Experts warn against even the smallest of gatherings on New Year’s Eve

MEMPHIS, Tenn. — Every day, the numbers become more frightening as the coronavirus continues to spread in the Mid-South.

There was a surge in new cases after Thanksgiving, and days after the Christmas holiday, while within the two-week incubation period, health experts expect another surge.


Just days before New Year’s Eve, they are again asking people to think about gatherings differently.

Many are opting to stay home and bring in the new year in smaller gatherings, and as infectious disease expert Dr. Steve Threlkeld said, people making those plans may want to think twice about even the smallest get-togethers.

“We still need to make sure that people are doing the right thing,” Threlkeld said in an interview Tuesday evening. “If you get together, it’s going to be a potential problem that will have further-reaching effects.”

Threlkeld said people can be lulled into a false sense of security, thinking because they keep their gatherings small, they do not have to wear masks and socially-distance.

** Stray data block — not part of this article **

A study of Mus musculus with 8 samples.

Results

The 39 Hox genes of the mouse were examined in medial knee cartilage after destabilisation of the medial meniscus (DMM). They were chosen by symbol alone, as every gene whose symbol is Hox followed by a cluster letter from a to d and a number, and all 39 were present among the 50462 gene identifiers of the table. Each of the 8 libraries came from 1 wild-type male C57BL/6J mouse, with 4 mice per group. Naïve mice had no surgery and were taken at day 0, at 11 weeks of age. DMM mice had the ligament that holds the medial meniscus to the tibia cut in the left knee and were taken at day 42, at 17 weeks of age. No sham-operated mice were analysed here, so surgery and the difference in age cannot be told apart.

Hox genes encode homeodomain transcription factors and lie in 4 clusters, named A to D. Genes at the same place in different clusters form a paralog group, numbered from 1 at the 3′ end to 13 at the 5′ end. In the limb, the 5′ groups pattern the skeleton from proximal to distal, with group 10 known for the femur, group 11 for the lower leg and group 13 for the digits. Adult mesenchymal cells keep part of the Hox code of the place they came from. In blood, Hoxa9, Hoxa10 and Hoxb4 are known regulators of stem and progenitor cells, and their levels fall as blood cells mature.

In the weeks after Thanksgiving, confirmed cases of COVID-19 skyrocketed. The 7-day average of new cases on Thanksgiving Day was just below 340 in Shelby County. It peaked weeks later at 869 per day on Dec. 18.


Just days ago, COVID-19 hospitalizations in Tennessee passed the 3,000 marks for the first time. More than 550 in Memphis-area hospitals, as of 5 p.m. Monday.

“We seem to forget about the fact that we just don’t know when we have it because so many people are asymptomatic, so we can be a real risk to the people around us without even realizing it,” said Threlkeld, remarking on how the virus can then be spread to who are at a higher risk for complications if the virus is passed on, such as older family members.

“Many look to testing in the days ahead of gathering, however, being a carrier of the virus is still possible even days after the test,” Threlkeld said.

“It certainly doesn’t mean if your test is negative, you are safe and assured that you can’t give it to someone else. Off the top, there’s a 20 percent false-negative rate in those tests,” Threlkeld said.

The largest share of people getting COVID-19 right now are people ages 18-40 years old, acting as spreaders of the virus.